In Shizuoka, Shimizu Borough (the former City of Shimizu) is not especially well known as a tea-producing area, aside perhaps for Ryôkouchi, which is more famous, though only in comparison, and the tea that is produced there is unfortunately most often used in blends. Mr. Yamamoto was not too happy about this situation. Today, he very carefully produces senchas based on a number of different cultivars that he of course does not mix. His organic tea farms are located in Ôhira, upstream on Okitsu-gawa River, at nearly 500 m (1640 feet) in altitude.
The first of these three teas is the classic Yabukita cultivar.
Its beautiful thick leaves have a powerful, sweet fragrance that is very pleasant, and denotes relatively strong, but very well controlled, roasting.
After one minute of infusion at about 80°C (176°F), we obtain liquor with a fragrance that is just as strong, mellow and sweet, with something woodsy.
In the mouth, it is just as powerful. The liquor has a very good opening. After only an instant, we feel a touch of astringency, but it then fades into the very natural sweetness of this tea. The flavours are perhaps simple, but very well balanced.
There is nothing heavy about this sencha, despite its strength.
With this Kanaya-midori cultivar, we have leaves with a more subtle fragrance, but the tea remains in the same realm of mellowness and roasting, though this time it has nonetheless been exposed to a little less heat.
It is sweet, but very velvety, with slightly buttery flavours in the background. The liquor also develops an astringent note in the mouth, even a little very stimulating bitterness, with great depth.
Yet, in the following infusions, the astringency remains well controlled, and this sencha keeps a mouth-watering roundness, with a fragrance that is always very present.
There is an intense, sweet return in the mouth, and very good length.
It seems to me that this Oku-yutaka is the tea that plays most on roundness and sweetness.
The fragrance is also more discreet, and a little sniff in the teapot gives us a more concentrated scent of sweetness, with something a little vegetal and also of tomatoes(?!).
Obviously, we are very far from an amino acid soup, but this liquor seems to have more umami mellowness, and there is no trace of astringency or bitterness. This sencha is thus dominated by sweetness, but in a very calm manner. It is airy, not aggressive, and the liquor flows in the most fluid way in the mouth, leaving a light, but long, aftertaste.
A second infusion at a higher temperature provides these leaves with greater punch, adding to the slightly attenuated sweetness an invigorating freshness that continues developing in the mouth, and also for several minutes in the throat. This time there is more depth.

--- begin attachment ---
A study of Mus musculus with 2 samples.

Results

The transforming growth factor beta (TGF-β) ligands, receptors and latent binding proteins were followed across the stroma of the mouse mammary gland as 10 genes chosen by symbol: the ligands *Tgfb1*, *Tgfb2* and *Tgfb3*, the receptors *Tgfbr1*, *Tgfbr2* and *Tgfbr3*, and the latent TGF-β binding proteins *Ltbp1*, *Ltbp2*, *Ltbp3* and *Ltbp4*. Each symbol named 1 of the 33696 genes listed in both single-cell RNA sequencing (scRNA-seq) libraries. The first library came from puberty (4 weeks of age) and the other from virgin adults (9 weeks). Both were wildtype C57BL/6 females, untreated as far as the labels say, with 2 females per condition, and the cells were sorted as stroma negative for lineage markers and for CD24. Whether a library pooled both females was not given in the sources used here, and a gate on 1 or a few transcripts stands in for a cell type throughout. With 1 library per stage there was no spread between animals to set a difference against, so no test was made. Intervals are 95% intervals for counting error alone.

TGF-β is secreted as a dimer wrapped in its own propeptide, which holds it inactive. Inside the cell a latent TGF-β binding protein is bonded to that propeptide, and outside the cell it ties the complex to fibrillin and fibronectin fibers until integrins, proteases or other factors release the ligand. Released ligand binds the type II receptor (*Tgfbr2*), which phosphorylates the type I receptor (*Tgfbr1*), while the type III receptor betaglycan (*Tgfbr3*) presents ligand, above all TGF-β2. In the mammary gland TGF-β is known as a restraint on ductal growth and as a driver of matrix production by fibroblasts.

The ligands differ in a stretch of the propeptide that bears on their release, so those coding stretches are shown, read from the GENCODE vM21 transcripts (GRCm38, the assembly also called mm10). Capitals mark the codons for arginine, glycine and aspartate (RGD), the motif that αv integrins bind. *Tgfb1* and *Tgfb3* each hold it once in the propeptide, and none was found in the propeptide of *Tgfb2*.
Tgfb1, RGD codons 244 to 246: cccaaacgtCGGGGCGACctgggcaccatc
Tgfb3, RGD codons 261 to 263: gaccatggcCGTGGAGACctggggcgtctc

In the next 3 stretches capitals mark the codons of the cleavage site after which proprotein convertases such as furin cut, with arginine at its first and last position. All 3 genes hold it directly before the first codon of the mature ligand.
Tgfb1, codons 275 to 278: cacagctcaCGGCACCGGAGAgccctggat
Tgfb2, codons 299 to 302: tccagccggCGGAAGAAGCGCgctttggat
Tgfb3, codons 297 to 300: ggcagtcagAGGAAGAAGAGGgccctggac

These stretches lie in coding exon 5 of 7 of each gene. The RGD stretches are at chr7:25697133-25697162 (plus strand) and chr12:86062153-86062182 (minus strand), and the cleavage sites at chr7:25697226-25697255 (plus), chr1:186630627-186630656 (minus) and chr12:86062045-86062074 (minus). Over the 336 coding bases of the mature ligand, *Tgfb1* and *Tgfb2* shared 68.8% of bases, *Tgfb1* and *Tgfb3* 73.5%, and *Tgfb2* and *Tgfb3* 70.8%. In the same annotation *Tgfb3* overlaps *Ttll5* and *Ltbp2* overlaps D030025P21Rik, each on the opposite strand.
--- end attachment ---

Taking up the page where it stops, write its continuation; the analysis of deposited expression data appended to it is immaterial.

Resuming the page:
This Oku-yutaka sencha is probably the easiest of these three teas to drink, with a very round, silky first infusion, that might leave those who like more aggressive liquor wanting more. However, the second and third infusions add complexity and depth, as if new dimensions had been added.
The last of Mr. Yamamoto’s organic senchas from Shimizu that I have selected is his Sayama-kaori cultivar.
When it is infused, this Sayama-kaori reveals itself to be very delicate, subtle, and more difficult to grasp than the three others.
4 g (scant 1 tsp), 70 ml (scant 1/3 cup), 80°C (176°F), 60 seconds.
The fragrance is still mellow and sweet, but comes through more delicately than with the dry leaves.
While a floral bouquet is still present, the sweet notes almost recall chewing gum, and a very light tone of eau de Cologne slips in to make the whole very stimulating, despite the very restrained overall impression. As the tea cools slightly, spicier aromas emerge.
So long as it is not left too long and not too many leaves are used, the liquor provides exemplary balance and mellowness, which almost makes you forget we are dealing with the Sayama-kaori cultivar. The eau de Cologne and bubble gum flavours are not completely absent, but discreet, and this Japanese green tea is in no way excessive or stereotypical.
With no astringency, the liquor is smooth, and its sweetness is not overpowering.
The little note of astringency that appears in the following infusions brings depth, while the mellow olfactory effects of this sencha remain: subtle and multi-faceted.
The aftertaste is long and powerful, especially after the second infusion.
Nonetheless, this sencha responds in the typical ways and produces clearly different liquors depending on whether it is brewed in a teapot made from clay fired in reduction (black Tokoname, Banko) or in oxidation (red Tokoname, Bizen, etc.). Clay that has been fired in reduction seems to me to bring out the aromas and fragrances especially well, whereas with clay that has been fired in oxidation, the liquor is more captivating in the mouth, and the aftertaste is very dense and powerful.
Once again, in a surprising way, this Sayama-kaori is very different from Yamamoto Kengo’s three other products, partly because it has a very poised, balanced side, closer to a kind of perfection, as if to thumb the nose at detractors of this cultivar, which is now considered oldfangled and a little out of fashion.
It is not only the variety of flavours that distinguish these three senchas/cultivars made by the same producer, but also the ways they express themselves.
Here is how I see them:
Yabukita: nose and mouth
Kanaya-midori: nose and throat
Oku-yutaka: mouth and throat
Sayama-kaori : Subtle balance between mouth, noise, and throat, with a final predominance of throat.